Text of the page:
AC not coming on to maintain set temps
I'll try to keep this somewhat brief. I bought my current home about a year ago here in the PHX area. I have two AC units and two thermostats, one for upstairs and one for downstairs. The upstairs thermostat presented its problem last year when summer kicked in and we just dealt with it. I would have a set schedule on the thermostat with temps changing at different times of the day. We would find that it would get quite hot, go over to the thermostat and it would say it was 80 degrees upstairs (where we were) but that it was set to be at 76 or 74 deg depending on the time. I'd manually tell the thermostat to drop the drop setting several more degrees hoping the AC would kick on, it wouldn't. I'd turn of the "cool" so that neither cool nor heat was on and then turn it back on to cool, AC wouldn't kick on. Sometimes it would kick on outside, I could hear it go, but minutes upon minutes later nothing was coming out. I'd continue to jack with the thermostat for up to minutes before finally it would actually come on and start blowing cool air, usually within 30 sec of it turning on outside.

I recently went to Lowe's and got a new thermostat figuring something was just wrong with the last one. I replaced a Honeywell thermostat with another Honeywell one. I got it all hooked up as instructions showed and it works...however the same problem is there. Eventually I'll get it to work again by removing the thermostat off the wall for several minutes, putting it back on and turning the fan to "on" instead of "auto" and after a few minutes of the fan blowing I'll turn the setting to "cool" and the AC will come on, then a few minutes later turning the fan to "auto" from "on" and it will work as it should....and this happens about 6 out of 10 times. Sometimes the fan will shut off after putting to "auto" and I have to start the whole process over again.

Anyone with any advice or thoughts as to what is going on? I'm guessing it has to do with something outside on the AC unit since it's happened the same with two different thermostats? Thanks in advance for your help.

kok328 04-02-2009 08:58 PM

Your going to need a volt/ohm meter to troubleshoot the system.
Let us know if you have such a tool and are familiar with it's usage.

splynn 04-03-2009 07:51 PM

Yes, I've got one of those. I'm not incredibly familiar with it, however I've used one before and can do so again with instruction.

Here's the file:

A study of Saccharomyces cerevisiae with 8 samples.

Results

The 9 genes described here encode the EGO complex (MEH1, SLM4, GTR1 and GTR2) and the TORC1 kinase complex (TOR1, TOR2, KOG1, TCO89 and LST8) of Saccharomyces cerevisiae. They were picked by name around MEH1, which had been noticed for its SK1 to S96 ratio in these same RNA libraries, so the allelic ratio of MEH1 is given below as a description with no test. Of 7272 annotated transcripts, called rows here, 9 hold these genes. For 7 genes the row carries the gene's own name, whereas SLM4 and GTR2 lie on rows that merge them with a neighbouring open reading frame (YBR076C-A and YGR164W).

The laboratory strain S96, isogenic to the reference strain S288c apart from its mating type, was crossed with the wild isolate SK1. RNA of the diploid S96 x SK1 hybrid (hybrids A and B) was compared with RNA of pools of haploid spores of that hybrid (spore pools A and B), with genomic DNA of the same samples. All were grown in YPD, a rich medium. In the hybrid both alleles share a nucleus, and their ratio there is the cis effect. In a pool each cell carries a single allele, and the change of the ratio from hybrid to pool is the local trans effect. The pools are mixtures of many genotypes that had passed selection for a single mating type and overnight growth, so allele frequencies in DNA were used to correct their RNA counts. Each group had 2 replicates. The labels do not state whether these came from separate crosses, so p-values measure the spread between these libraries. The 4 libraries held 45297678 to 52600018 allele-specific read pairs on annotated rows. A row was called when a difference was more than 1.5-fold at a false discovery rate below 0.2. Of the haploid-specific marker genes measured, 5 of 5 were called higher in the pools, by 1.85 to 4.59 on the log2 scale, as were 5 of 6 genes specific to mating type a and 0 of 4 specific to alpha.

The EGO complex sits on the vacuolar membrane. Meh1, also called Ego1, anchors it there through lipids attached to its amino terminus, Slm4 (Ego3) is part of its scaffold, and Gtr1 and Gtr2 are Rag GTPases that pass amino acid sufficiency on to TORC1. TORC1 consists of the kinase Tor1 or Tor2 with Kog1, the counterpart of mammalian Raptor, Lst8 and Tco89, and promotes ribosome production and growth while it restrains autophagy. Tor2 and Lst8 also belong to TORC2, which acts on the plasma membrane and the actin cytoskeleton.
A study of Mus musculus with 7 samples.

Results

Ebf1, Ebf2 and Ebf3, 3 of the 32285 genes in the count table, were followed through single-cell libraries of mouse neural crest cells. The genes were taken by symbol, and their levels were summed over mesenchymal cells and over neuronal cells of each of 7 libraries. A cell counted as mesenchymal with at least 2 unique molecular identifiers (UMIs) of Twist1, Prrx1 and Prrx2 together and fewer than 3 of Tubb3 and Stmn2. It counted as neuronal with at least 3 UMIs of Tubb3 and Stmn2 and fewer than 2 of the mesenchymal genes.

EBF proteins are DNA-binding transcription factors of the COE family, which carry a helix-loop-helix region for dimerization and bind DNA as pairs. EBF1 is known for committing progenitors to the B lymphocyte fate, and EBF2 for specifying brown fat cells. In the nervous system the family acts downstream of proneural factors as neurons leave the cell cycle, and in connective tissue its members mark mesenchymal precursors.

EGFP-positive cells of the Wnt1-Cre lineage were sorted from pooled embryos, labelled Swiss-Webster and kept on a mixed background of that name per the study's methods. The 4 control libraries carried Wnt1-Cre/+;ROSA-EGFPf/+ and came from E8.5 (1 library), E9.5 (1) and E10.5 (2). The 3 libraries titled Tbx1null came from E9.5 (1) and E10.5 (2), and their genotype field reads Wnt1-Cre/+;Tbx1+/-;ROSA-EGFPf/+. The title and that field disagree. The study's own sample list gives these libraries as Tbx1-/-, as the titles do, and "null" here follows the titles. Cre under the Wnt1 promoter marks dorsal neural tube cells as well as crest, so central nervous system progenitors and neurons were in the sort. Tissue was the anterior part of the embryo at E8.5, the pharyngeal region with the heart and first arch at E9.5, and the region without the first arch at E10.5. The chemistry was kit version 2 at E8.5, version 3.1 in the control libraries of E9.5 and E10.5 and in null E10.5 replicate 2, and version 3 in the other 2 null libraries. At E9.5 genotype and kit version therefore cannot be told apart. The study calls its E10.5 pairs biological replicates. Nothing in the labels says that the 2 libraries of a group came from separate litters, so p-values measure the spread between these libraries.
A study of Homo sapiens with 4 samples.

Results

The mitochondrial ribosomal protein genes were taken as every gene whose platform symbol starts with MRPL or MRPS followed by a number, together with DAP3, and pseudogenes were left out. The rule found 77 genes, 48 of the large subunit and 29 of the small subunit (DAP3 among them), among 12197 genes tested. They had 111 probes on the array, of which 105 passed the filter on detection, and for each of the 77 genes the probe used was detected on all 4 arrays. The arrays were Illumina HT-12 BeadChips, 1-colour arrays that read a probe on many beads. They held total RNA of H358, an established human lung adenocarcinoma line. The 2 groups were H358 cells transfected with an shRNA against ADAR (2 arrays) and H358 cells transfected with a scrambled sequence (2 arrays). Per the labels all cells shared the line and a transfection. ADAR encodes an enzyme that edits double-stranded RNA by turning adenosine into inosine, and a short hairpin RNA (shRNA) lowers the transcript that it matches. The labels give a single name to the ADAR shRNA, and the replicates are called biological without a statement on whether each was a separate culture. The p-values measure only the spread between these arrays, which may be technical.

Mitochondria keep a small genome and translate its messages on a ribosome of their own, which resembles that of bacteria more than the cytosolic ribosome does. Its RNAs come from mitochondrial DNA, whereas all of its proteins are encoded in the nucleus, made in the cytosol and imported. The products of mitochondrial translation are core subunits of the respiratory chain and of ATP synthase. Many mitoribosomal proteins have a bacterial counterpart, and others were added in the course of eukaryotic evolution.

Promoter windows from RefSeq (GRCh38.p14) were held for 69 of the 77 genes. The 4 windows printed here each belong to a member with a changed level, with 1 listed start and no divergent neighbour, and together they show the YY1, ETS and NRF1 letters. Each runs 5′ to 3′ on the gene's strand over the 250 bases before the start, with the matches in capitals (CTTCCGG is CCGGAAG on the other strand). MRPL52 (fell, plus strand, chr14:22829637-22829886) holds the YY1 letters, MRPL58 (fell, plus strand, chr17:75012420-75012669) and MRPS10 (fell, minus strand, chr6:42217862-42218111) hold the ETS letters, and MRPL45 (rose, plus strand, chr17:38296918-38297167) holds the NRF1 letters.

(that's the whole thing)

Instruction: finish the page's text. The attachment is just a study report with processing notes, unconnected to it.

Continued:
kok328 04-03-2009 08:39 PM

It just occurred to me that you have a heat pump unit. I'm not too familiar with heat pumps but, should be able to get you thru the A/C portion of it all. However, I will have to confirm your T-stat wires and color prior to troubleshooting.

How many wires lead up to the tstat?
What color are they?
What terminals are they connected to?

Hopefully, R-red, C-black (if applicable), W-white, Y-yellow, G-green (possibly an orange for the heat pump feature).

splynn 04-05-2009 08:51 PM

Ok, there are a total of 5 wires, however only four are used...that's how it was on the old termostat and that's all I transferred over to the new one. Although on the old thermostat one of the wires was used for two positions at the same time. I was unable to do that on the new one due to design, however the problem has remained constant either way.

Anyway, I have a G - Green Wire, O - white wire, Y - Yellow wire, and a Rc - Red wire. They are connected to the appropriate terminal by letter, however the O is in the commonly used W one, as my instructions said that's where it goes since I didn't have a W labeled wire previously, it was O.

Thanks again for your continued help. How did you know I had the heat pump deal? Don't remember saying that. :)

kok328 04-06-2009 07:14 AM

Ok, your going to cut power to the unit via the service switch. Disconnect your T-stat and group the Red, Green, Yellow under one wire nut. Restore power via service switch. This should run the A/C unconditionally and continuously. If it runs fine for at least 30 minutes with this setup, then I would have to say that the T-stat is bad. Otherwise post back what is going on when you do this, on both the indoor and outdoor portions of the system.